An undated photo shows the observatory in China's Tibet (File photo: provided to People's Daily)
BEIJING, July 3 (Xinhua) -- A joint research team made up of Chinese and Japanese scientists has discovered the highest energy cosmic gamma rays ever observed from an observatory in Tibet, opening a new window to explore the extreme universe.
The energy of the gamma rays is as high as 450 TeV, equivalent to 45 billion times of the energy of X-rays for medical diagnosis, researchers from the Institute of High Energy Physics of the Chinese Academy of Sciences said at a press conference on Wednesday.
Scientists believe that those energetic gamma rays were from the Crab Nebula, a famous supernova remnant in the constellation Taurus, about 6,500 light years away from Earth.
Previously, the highest energy ever observed for a gamma-ray photon was 75 TeV, which was detected by the HEGRA Cherenkov telescope in Germany.
"Before this discovery, many scientists believed that photons could not be accelerated to energy higher than 100 TeV," said Huang Jing, a researcher from IHEP, and the co-spokesperson for the experiment in Tibet.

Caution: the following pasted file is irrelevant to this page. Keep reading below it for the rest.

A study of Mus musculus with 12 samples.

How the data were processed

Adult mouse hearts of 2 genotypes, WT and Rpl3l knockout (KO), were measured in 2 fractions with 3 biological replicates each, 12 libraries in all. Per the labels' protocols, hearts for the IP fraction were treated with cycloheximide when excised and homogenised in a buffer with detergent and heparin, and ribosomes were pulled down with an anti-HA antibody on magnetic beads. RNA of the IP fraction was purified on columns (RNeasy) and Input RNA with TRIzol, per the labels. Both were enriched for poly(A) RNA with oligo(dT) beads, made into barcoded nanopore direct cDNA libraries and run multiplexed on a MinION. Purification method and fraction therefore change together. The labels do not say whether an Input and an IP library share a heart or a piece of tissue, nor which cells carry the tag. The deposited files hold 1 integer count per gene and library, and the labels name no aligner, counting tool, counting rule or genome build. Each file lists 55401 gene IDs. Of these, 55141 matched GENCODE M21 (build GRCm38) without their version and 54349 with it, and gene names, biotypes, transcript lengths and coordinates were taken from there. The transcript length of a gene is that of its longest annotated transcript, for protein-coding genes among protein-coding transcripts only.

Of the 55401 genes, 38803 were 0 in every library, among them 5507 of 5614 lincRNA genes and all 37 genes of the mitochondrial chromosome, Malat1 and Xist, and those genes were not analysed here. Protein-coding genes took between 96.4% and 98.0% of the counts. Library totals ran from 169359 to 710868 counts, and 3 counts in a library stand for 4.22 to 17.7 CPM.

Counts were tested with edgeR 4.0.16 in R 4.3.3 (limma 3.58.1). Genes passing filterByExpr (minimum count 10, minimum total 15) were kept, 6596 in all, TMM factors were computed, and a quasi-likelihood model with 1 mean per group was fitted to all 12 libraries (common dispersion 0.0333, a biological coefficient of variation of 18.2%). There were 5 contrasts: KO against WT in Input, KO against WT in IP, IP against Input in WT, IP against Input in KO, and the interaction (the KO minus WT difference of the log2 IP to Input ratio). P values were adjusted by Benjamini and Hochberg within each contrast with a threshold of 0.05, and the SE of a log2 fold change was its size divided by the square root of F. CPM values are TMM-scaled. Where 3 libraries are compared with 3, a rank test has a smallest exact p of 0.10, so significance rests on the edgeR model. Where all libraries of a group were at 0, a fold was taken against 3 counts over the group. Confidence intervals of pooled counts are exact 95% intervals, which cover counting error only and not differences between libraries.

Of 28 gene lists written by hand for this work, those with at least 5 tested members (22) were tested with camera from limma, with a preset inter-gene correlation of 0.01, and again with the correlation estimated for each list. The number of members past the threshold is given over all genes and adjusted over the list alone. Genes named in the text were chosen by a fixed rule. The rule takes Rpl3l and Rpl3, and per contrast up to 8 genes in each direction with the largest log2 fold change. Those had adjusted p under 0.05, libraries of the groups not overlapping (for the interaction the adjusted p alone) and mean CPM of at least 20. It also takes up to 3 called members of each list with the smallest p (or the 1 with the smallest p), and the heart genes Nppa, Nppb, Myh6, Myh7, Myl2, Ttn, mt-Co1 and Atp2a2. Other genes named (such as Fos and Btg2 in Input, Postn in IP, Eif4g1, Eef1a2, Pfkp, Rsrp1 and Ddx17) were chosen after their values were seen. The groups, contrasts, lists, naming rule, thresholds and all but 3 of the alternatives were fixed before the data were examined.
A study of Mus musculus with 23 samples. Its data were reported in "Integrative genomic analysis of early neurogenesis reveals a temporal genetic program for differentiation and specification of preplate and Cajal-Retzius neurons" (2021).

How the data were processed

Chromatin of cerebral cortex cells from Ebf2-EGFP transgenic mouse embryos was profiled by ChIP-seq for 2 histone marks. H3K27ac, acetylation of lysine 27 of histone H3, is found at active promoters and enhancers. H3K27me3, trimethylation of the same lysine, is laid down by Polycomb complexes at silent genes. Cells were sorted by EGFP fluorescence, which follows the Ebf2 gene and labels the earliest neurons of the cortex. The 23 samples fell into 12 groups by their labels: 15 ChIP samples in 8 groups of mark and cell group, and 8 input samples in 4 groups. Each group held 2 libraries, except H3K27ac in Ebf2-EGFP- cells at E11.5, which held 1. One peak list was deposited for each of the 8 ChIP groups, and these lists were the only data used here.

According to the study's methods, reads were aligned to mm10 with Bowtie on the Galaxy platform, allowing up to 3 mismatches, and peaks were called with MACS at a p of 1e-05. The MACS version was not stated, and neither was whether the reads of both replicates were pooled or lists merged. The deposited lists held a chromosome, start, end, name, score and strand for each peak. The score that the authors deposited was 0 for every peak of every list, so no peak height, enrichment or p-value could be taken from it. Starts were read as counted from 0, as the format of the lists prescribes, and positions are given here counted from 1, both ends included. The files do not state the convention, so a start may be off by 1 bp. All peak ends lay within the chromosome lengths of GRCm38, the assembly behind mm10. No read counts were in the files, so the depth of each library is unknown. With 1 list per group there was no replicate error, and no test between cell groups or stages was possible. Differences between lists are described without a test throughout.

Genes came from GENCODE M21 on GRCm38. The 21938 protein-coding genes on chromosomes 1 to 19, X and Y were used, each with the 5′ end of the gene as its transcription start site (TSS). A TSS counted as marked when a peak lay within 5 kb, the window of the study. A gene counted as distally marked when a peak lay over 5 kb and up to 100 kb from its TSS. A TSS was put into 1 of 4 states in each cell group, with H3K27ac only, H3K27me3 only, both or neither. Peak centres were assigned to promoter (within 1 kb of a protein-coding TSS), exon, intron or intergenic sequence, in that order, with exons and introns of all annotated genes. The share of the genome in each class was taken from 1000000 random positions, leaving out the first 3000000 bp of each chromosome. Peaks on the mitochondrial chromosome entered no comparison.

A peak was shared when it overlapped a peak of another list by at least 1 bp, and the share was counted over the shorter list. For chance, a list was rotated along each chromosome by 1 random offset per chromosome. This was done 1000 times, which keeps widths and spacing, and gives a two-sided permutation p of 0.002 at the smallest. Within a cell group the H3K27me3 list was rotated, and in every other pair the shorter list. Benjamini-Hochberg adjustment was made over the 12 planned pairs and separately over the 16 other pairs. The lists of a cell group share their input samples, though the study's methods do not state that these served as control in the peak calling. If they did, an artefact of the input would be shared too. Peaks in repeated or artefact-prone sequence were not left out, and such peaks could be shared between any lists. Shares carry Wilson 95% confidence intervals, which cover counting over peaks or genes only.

"The discovery is a milestone in the search for the origin of the mysterious cosmic rays," said Professor Chen Yang, an expert of supernova remnant from the Nanjing University.
Scientists hypothesize the following steps for generating very-high-energy gamma rays: first, the electrons are accelerated up to PeV (one thousand trillion electron volts) in the nebula; then the PeV electrons interact with the cosmic microwave background radiation (CMBR), the remnant radiation from the Big Bang filling the whole universe; and then a CMBR photon is kicked up to 450 TeV by a PeV electron.
The researchers thus conclude that the Crab Nebula is the most powerful natural electron accelerator known so far in our Galaxy.
The Crab Nebula was produced by a supernova explosion in 1054 AD, which was recorded in official historical documents of the Northern Song dynasty (960-1127) in ancient China.
In 1969, scientists discovered a pulsar, rotating 30 times per second, embedded in the nebula. In the modern era, the Crab Nebula has been observed at all electromagnetic wavelengths ranging from radio to very high energy gamma rays.